19th April 2023

Retired education adviser David Staples is taking on a new challenge as he embarks on a Doctor of Philosophy (PhD) at Northumbria University.

The 69-year-old’s last on-campus university experience was in 1972 when he studied for his degree in Economic and Social History at York University.

After gaining his professional teaching qualification, David was a history teacher for 11 years before working for several local authorities in education management roles. He then worked as an advisor for the UK Government, under Tony Blair, where he worked on a strategy for raising standards across schools.

David studied part-time for a master’s in history from Huddersfield University and after running his own company for a period, decided to retire. But it wasn’t long before he started looking to add another string to his bow.

“I was looking for something to do,” he said. “And then along came this opportunity to work with Dr Connal Parr, an academic in History at Northumbria University, and I was immediately interested.

“I have a longstanding interest in the Northern Ireland conflict, in which Connal is a renowned expert. I was thrilled to have my PhD application accepted and to be able to study with Connal as my supervisor. It’s very special to be working under his guidance as he is a young and forward-thinking expert on history, politics and society in Ireland.”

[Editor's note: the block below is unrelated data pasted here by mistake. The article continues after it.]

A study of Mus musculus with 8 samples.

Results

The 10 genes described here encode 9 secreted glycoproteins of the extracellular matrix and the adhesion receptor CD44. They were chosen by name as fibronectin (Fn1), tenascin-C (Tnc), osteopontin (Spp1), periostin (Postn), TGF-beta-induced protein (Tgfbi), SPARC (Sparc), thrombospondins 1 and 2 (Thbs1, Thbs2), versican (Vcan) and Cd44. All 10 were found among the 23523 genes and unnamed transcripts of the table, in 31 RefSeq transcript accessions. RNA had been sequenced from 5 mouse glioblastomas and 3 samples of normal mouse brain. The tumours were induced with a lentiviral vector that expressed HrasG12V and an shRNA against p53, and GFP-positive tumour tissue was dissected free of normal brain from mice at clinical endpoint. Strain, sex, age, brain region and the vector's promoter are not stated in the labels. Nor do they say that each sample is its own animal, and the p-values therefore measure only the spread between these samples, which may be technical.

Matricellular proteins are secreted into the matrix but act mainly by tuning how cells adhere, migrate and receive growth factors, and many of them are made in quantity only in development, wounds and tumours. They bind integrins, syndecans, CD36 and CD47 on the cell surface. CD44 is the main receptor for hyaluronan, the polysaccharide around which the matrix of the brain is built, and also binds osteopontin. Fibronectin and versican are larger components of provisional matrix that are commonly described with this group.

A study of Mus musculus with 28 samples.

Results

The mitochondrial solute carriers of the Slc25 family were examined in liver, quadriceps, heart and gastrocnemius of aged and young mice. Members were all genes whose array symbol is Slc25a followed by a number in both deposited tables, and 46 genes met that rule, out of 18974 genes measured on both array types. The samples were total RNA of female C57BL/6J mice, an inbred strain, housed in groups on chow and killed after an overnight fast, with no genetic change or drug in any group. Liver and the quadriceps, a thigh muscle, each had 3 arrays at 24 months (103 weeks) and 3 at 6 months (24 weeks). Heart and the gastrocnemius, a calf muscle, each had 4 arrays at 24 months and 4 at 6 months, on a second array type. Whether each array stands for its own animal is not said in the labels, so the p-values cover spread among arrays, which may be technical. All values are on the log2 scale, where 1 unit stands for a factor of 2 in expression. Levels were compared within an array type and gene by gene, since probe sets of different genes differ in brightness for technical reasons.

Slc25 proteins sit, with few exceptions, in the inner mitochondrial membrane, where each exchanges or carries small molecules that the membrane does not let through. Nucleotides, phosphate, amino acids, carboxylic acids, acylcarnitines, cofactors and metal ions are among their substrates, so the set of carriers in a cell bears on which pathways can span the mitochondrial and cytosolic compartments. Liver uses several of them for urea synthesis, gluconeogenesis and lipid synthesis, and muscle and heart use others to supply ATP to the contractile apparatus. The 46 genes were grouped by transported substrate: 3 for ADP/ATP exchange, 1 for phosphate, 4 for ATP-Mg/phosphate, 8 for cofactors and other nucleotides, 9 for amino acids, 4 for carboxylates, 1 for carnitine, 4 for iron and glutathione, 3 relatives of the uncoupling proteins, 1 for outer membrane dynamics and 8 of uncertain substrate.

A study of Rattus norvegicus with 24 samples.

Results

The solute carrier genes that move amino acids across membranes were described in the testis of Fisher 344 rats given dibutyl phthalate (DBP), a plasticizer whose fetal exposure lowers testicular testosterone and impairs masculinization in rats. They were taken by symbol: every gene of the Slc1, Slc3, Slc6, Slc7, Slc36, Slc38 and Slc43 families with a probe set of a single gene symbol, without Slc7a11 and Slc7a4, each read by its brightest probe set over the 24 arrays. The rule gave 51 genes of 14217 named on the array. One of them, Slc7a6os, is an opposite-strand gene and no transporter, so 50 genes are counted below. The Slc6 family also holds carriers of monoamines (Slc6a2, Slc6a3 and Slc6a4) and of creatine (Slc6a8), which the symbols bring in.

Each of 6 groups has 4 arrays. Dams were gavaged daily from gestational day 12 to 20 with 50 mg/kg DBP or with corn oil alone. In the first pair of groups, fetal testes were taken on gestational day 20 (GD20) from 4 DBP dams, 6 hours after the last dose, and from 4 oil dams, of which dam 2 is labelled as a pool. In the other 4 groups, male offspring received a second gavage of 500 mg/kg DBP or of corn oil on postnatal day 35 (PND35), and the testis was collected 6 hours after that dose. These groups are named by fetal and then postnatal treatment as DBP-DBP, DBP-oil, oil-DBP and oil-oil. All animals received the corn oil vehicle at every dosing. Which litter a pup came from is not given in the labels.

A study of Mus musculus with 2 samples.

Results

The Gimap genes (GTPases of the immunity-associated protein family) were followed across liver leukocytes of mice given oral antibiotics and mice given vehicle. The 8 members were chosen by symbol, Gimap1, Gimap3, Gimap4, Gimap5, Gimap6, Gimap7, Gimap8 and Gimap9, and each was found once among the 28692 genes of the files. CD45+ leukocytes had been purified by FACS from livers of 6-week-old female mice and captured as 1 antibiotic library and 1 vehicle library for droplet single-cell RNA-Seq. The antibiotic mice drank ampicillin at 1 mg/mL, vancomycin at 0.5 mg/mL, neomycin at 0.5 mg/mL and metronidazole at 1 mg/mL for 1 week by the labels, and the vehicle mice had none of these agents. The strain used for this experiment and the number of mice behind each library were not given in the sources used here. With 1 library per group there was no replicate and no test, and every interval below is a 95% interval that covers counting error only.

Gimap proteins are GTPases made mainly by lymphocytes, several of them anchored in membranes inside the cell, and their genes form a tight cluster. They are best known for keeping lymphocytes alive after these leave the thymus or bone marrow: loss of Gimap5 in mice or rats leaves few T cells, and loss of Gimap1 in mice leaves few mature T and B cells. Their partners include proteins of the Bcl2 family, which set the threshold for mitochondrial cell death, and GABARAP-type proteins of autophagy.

David began his PhD about Music and The Troubles in Northern Ireland between 1969 and 1998 at Northumbria University, in October last year. The three-year fulltime doctorate will examine how musicians, particularly rock and folk musicians, tackled the Northern Ireland Troubles and how Irish communities came together for music concerts, despite the longstanding grievances between Catholics and Protestants who held deeply opposing views on Northern Ireland’s relationship with Great Britain.

Having been a student at Northumbria for six months up to now, David is full of praise for the University’s, staff, facilities and fellow students.

“I would recommend Northumbria as a comfortable, stimulating and welcoming place to study, with opportunities to take part more widely in subject-related events,” he said. “The other students here treat me as an equal, not ‘the older guy’ and I find everyone to be warm and openminded here.

“I find the library staff at Northumbria to be particularly helpful. There is a superb collection of books on Irish history, and great opportunities to use online resources as well as obtain books from other libraries in the UK and overseas.

“The idea behind doing this PhD was always to enjoy the research and combine it with detailed on-the-ground research in Ireland. I want it to be fun, and so far, it has been. Now that I’m approaching 70, it feels like I’m living the dream.”

Northumbria’s History PhD students are studying a diverse range of topics, enhanced by the supervision of new research-active staff. The University’s Department of Humanities offers a stimulating environment for discussions of research and students participate in the full range of on-campus research.

Click here more information about Northumbria’s postgraduate research.